This series consists of weekly discussion sessions on foundations of quantum Theory and quantum information theory. The sessions start with an informal exposition of an interesting topic, research result or important question in the field. Everyone is strongly encouraged to participate with questions and comments.
Privacy and coherence have long been considered closely related properties of a quantum state. Indeed, a coherently transmitted quantum state is inherently private. Surprisingly, coherent quantum communication is not always required for privacy: there are quantum channels that are too noisy to transmit quantum information but it can send private classical information. Here, we ask how different the private classical and the quantum capacities can be. We present a class of channels N_d with input dimension d^2, quantum capacity Q(N_d)
Probabilistic protocols in quantum information are an attempt to improve performance by occasionally reporting a better result than could be expected from a deterministic protocol. Here we show that probabilistic protocols can never improve performance beyond the quantum limits on the corresponding deterministic protocol. To illustrate this result we examine three common probabilistic protocols: probabilistic amplification, weak value amplification, and probabilistic metrology.
A fundamental question in complexity theory is how much resource is needed to solve k independent instances of a problem compared to the resource required to solve one instance. Suppose solving one instance of a problem with probability of correctness p, we require c units of some resource in a given model of computation. A direct sum theorem states that in order to compute k independent instances of a problem, it requires k times units of the resource needed to compute one instance.
Quantum many-body problems are notorious hard. This is partly because the Hilbert space becomes exponentially big with the particle number N. While exact solutions are often considered intractable, numerous approaches have been proposed using approximations.
Problems in computer science are often classified based on the scaling of the runtimes for algorithms that can solve the problem. Easy problems are efficiently solvable but often in physics we encounter problems that take too long to be solved on a classical computer. Here we look at one such problem in the context of quantum error correction. We will further show that no efficient algorithm for this problem is likely to exist.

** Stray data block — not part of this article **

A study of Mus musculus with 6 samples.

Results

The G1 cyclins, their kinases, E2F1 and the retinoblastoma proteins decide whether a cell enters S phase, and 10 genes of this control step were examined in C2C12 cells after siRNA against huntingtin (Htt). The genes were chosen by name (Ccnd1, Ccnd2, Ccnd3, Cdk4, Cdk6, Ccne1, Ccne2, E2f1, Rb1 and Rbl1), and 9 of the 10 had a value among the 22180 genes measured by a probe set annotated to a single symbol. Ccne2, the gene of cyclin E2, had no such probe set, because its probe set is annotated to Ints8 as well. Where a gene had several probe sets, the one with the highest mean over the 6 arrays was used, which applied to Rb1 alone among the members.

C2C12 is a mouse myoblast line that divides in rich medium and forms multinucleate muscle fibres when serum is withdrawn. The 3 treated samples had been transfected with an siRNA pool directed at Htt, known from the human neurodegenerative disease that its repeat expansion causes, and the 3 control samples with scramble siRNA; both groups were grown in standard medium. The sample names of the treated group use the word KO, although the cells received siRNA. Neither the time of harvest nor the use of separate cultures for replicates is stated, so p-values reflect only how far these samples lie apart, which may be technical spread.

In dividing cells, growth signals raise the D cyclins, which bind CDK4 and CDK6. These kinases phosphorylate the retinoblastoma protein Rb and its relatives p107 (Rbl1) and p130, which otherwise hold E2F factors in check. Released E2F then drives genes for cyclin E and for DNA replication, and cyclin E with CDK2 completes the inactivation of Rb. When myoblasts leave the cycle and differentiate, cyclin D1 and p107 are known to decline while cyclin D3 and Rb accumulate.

We show that in certain generic circumstances the state of light of an optical cavity traversed by beams of atoms is naturally driven towards a non-thermal metastable state. This state can be such that successive pairs of unentangled particles sent through the cavity will reliably emerge significantly entangled thus providing a renewable source of quantum entanglement. Significant for possible experimental realizations is the fact that this entangling fixed point state of the cavity can be reached largely independently of the initial state in which the cavity was prepared.
Matchgates are a restricted set of two-qubit gates known to be classically simulable when acting on nearest-neighbor qubits on a path, but universal for quantum computation when the gates can also act on more distant qubits. In this talk, I will address the power of matchgates when they can act on pairs of qubits according to the edges of arbitrary graphs. Specifically, we show that matchgates are universal on any connected graph other than a path or a cycle, and that they are classically simulable on a cycle.
The Bose-Hubbard model is a system of interacting bosons that live on the vertices of a graph. The particles can move between adjacent vertices and experience a repulsive on-site interaction. The Hamiltonian is determined by a choice of graph that specifies the geometry in which the particles move and interact. We prove that approximating the ground energy of the Bose-Hubbard model on a graph at fixed particle number is QMA-complete. In our QMA-hardness proof, we encode the history of an n-qubit computation in the subspace with at most one particle per site (i.e., hard-core bosons).
Although various pieces of indirect evidence about the nature of dark matter have been collected, its direct detection has eluded experimental searches despite extensive effort. If the mass of dark matter is below 1 MeV, it is essentially imperceptible to conventional detection methods because negligible energy is transferred to nuclei during collisions. Here I propose directly detecting dark matter through the quantum decoherence it causes rather than its classical effects such as recoil or ionization.